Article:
As a wildlife rehabilitator, I often have a wide variety of tasks to complete in my day-to-day work. Besides the normal duties -- looking after patients, teaching extern students – another large portion of my job is acquiring “stuff”.
Wildlife Center of Virginia Blog
In my seven weeks as an education outreach extern at the Wildlife Center, I have learned how extraordinary this organization is. The staff here are unbelievably hard workers -- their dedication to wildlife inspires me everyday to do the best job I can do with my time here at the Wildlife Center.
That being said, I have a pretty broad job description. As an education outreach extern, I spent most of my first few weeks learning about the Wildlife Center. I shadowed numerous tours and programs, soaking up any and all information on our education ambassadors.
March 11, 2014, Rockingham County, Virginia.
An Eastern Screech-Owl (EASO) is swooping down within reach of its prey when … wham! It is struck mid-flight by a vehicle. Thus begins the unfortunate story for many Eastern Screech-owls – this one in particular is about one we will call #14-0150. Fortunately for EASO 150, it has been found and brought to the Wildlife Center of Virginia.
Here at the Wildlife Center of Virginia we care for animals, but what does that actually entail? Well, we have veterinarians to look after any ailments the animal could be suffering from. Then there is the rehabilitation staff who look after the husbandry (daily needs, such as food and water) of the patients. The patients can also receive physical or laser therapy, or even be exercised on a daily basis to prepare them for release. But what about their mental needs? Well, we look after that too!
I love reading. Fiction, non-fiction, comedy, biographies ... I have favorite authors in several different genres, and I'm always up for trying something new.
Last month I came across an organization that was challenging people to read one book each week for a whole year. The challenge had started in January 2014, so I was a little late to the game, and I wasn't necessarily interested in following the guidelines this particular organization had laid out for readers.
This has been a very sad week for me, personally, and for the wildlife rehabilitation community across North America. Within little more than 24 hours, I lost two of my good friends who were pioneers in the field of wildlife rescue and rehabilitation … indeed, two of our giants in wildlife care. Jay Holcomb, a founder and driving force behind the International Bird Rescue Center, one of the world’s premier oil-spill response organizations, died on Tuesday, June 10, 2014 at the age of 63.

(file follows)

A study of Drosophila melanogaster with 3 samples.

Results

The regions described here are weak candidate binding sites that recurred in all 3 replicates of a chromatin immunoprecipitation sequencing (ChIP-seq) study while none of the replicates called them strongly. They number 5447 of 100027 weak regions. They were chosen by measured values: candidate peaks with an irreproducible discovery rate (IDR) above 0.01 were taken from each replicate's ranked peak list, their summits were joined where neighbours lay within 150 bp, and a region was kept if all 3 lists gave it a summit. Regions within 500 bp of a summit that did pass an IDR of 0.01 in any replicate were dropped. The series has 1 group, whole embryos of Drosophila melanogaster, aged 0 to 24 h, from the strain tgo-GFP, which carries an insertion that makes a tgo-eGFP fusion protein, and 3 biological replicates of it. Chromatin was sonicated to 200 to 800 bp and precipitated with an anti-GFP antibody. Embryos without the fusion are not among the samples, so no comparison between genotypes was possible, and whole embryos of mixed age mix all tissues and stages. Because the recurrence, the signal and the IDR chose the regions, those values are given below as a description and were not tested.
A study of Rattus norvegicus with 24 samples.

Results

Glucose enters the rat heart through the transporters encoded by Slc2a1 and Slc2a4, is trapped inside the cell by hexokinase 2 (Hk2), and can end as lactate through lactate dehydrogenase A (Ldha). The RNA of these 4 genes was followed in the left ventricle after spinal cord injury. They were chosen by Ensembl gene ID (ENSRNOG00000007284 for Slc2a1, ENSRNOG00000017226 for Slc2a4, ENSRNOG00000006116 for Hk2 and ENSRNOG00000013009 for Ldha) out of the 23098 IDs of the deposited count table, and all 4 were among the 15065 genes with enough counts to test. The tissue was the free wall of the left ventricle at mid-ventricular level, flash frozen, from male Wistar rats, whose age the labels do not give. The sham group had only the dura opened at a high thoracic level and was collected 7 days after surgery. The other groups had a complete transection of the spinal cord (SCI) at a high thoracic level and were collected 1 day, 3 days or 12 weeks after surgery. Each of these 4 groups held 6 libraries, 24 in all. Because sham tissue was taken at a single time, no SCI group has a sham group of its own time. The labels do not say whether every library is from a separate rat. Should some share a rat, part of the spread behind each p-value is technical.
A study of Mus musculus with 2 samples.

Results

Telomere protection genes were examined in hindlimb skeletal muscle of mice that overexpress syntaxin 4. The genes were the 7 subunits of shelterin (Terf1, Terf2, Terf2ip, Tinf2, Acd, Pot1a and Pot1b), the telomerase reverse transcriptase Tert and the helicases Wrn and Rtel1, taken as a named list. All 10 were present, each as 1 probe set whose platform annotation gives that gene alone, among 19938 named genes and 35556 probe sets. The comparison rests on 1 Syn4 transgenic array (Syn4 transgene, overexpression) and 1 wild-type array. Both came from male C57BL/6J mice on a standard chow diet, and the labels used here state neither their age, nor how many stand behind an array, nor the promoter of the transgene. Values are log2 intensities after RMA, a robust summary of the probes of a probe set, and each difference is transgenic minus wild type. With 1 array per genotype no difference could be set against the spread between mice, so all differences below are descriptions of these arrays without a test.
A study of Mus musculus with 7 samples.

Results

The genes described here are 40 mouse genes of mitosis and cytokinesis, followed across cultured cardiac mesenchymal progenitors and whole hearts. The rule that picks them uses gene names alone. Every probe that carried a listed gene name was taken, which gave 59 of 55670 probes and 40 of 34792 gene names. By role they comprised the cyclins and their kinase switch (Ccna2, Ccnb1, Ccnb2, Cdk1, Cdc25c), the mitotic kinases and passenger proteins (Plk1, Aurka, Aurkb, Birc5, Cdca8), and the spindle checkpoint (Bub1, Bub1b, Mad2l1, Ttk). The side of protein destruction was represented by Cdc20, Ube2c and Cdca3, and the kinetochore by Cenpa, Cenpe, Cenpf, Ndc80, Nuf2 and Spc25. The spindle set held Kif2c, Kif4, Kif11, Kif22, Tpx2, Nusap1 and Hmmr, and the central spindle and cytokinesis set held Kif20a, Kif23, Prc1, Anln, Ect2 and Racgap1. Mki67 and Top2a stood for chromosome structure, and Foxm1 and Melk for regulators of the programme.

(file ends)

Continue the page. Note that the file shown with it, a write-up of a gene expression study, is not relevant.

This spring I was fortunate enough to spend some time observing one of our resident “experts” – Papa G’Ho – help rear two displaced Great Horned Owlets that were brought into the Center.
It’s a bit surreal to think that my wildlife rehabilitation internship at the Wildlife Center of Virginia has come to a close. I’ve had the most amazing and educating year, full of unique and gratifying experiences. I’ve treasured all moments, large and small, from releasing our Black Bear yearlings to giving fledgling Carolina Chickadees a bath. I’ve gotten to train and guide numerous externs through their rehabilitation externships and watched as they went from being skeptical around small raptors to fearlessly catching a Bald Eagle.
On May 24, Wildlife Center executive vice president Randy and his wife Jackie transported Spotted Turtle #13-1849 to Spotsylvania for release. They returned the turtle to the same location where it was found last July – and discovered that the turtle’s rescue location was at a gated community that is a certified wildlife sanctuary!
“The only way to make sense out of change is to plunge into it, move with, and join the dance” - Alan Watts
Change has been a major theme in my life as of late. My family moved from New Jersey to Virginia this past summer and I attended my first year at Virginia Tech as a communication major. I knew I wanted to get involved with the local community and ideally work with wildlife; I wanted to find my niche here.